MIAMI (CBSMiami) – In the midst of this pandemic, a SunSentinel investigation found that Gov. Ron DeSantis and his administration had been misleading the public about the crisis from the beginning.
According to thousands of pages of documents and over 50 interviews conducted by the Sun Sentinel, the governor and his team have done it through misinformation and spin as well as by muzzling local health officials across the state.
Mario Ariza, one of the reporters who worked on the piece, joined Lauren Pastrana and Eliott Rodriguez to discuss his findings.
Q: Let's start with some of the most recent facts you uncovered. What happened in the weeks leading up to the November election?
A: So in the weeks leading up to the election, we essentially discovered that the DeSantis administration had ordered public health officials not to discuss the COVID-19 virus with the public. So no press releases about COVID-19 were coming out from the Florida Department of Health. And the Florida Department of Health's messaging to the public shifted remarkably online. The term that we kept hearing again and again for this was "blue sky" messaging, in the lead up to the election.
Q: Tell us about blue sky messaging. What does that mean?
A: Well, it's almost a directive to talk about anything other than the virus itself. "Go get your flu shot. Watch out, it's radon season. Make sure that you get your yearly checkup, or that you're, you know, doing all of the other health things that you should be doing." But the Florida Department of Health, which is the main public health agency in the state, wasn't talking about the pandemic, it wasn't talking about COVID-19. It was talking about everything else.
Q: Now, you report that the administration actually sought out experts who said what they wanted to hear and to shut others out. Tell us more about that.
A: Yeah, correct. So we discovered several instances, actually, when the DeSantis administration, perhaps initially, reached out to local Florida virus experts – epidemiologists, folks here in the stage have got a lot of expertise in fighting the virus. And then just kind of never reached out to them again after meeting with them once. Or if they brought them in, didn't give them the necessary information to work with. And then when those folks wouldn't necessarily tell the administration what we think the administration wanted to hear, they went and sought out help from, well, folks who we call dissenters. Foremost amongst these was Dr. Scott Atlas, who you may remember as Trump's coronavirus advisor. He's since resigned. And sort of the main focus for the strategy for this was to give some kind of legitimacy to this focused protection idea – that you could keep the virus from slipping into nursing homes and killing the people that normally does kill, which are the elderly and those who comorbidities. But as we now know, and you've seen across the United States, that strategy has a lot of questions about it and isn't necessarily delivering the results.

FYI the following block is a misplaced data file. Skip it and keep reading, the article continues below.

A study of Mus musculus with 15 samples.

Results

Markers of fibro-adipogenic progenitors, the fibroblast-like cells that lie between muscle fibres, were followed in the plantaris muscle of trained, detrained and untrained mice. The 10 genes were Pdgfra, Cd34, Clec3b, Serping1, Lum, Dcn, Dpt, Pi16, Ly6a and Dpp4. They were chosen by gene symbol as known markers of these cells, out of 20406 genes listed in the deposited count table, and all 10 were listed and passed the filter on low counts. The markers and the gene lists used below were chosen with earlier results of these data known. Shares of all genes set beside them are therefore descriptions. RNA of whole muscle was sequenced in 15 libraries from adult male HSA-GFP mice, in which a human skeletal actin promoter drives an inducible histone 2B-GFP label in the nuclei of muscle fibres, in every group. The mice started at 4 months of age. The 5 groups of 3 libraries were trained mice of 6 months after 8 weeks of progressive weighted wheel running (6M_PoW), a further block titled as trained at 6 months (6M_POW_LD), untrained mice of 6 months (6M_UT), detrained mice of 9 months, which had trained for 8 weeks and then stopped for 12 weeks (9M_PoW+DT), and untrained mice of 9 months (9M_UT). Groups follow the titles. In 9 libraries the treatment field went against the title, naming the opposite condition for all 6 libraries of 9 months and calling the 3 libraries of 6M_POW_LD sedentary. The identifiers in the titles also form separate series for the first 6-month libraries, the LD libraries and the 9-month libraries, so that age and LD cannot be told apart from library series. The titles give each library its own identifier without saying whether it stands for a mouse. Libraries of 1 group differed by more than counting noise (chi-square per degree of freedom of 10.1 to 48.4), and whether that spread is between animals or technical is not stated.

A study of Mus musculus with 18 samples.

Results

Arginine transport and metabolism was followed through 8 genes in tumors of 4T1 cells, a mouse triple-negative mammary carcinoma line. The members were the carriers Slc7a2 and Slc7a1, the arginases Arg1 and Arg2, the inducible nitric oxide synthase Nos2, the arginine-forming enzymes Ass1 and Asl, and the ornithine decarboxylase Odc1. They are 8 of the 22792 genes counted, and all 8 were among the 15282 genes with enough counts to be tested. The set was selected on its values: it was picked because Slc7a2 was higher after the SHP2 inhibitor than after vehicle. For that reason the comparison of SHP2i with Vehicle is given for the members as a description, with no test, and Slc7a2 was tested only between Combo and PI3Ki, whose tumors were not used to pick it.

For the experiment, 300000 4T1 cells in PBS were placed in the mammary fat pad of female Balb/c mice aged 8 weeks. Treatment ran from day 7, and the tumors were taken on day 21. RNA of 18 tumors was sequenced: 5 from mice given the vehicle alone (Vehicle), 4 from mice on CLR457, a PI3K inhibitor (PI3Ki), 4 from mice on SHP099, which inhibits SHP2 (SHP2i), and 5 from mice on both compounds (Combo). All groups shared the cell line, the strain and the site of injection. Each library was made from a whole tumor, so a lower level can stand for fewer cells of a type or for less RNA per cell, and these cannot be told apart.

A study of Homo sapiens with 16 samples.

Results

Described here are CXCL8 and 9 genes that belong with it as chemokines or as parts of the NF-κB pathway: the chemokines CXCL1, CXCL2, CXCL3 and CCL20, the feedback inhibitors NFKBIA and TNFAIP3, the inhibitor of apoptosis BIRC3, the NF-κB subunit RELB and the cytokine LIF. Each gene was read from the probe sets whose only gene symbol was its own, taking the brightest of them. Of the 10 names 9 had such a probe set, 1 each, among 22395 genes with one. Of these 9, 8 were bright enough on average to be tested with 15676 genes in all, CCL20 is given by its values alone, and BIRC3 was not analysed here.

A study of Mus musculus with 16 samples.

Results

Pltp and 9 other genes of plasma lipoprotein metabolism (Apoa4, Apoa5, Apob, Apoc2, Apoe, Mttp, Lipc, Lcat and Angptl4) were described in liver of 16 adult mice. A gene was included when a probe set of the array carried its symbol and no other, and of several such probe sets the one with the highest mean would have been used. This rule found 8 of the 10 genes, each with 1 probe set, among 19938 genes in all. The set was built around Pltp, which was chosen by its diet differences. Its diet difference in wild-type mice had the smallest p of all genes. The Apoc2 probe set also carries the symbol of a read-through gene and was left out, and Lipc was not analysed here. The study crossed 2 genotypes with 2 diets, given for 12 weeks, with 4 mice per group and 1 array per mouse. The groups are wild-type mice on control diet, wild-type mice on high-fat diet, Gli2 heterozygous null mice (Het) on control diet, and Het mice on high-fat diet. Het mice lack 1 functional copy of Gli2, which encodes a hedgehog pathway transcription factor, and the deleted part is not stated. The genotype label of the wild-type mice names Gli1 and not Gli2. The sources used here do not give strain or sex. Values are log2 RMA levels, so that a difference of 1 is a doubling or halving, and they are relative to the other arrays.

A: Yes, indeed, yeah. This is one of the more difficult things to talk about. So we found that the governor spokesperson on his personal Twitter account, at least 16 separate times, discussed mask wearing in a way that experts consider to be misinformative. In keeping with the DeSantis administration's greater position on masks, which is that you know where I'm if you want, the spokesperson would go ahead and say, Fred Piccolo, Jr., you know, there's no need for a math mask mandate, they don't work. That's not factually accurate. They are shown to work. And in several instances, he actually compared COVID-19 to the flu, and said that the flu was equally deadly. That's not accurate, either. And so this is a public official, and, you know, the governor's number one spokesperson, and so we felt the need to fact check that misinformation coming out.
Q: So the report discusses what the spokesperson has been saying, but has there been any response from Gov. DeSantis directly related to this article?
A: So we really tried to get in touch with him. We'd love to sit down and talk to him. And if he ever wants to sit and talk to us, I'd love to get a phone call from him. But he declined to be interviewed. His spokesperson did answer some of our questions. But none of the questions that we put directly to the governor, just only the questions we put directly to Fred. So the governor hasn't really spoken up about this now.
Q: If you did get the opportunity to sit down with Gov. Ron DeSantis, give me one or two questions that you would ask him.
A: I would want to know if he thinks his extended family is really safe from this virus. I get the sense that the governor thinks that his wife and children may not necessarily be in danger. But is this something that he really thinks he can keep out of the nursing homes? Is this something that he thinks is an acceptable death toll? And, you know, I would ask him if he really thinks he can't necessarily do more focused interventions to stop the spread of the virus and keep it from getting to where it needs to go. If it has to be this kind of whole-hog approach to, you know, we're not shutting any part of the economy down and all businesses are essential. If perhaps there are maybe some, I don't know compromises that can be taken in view of the public's health.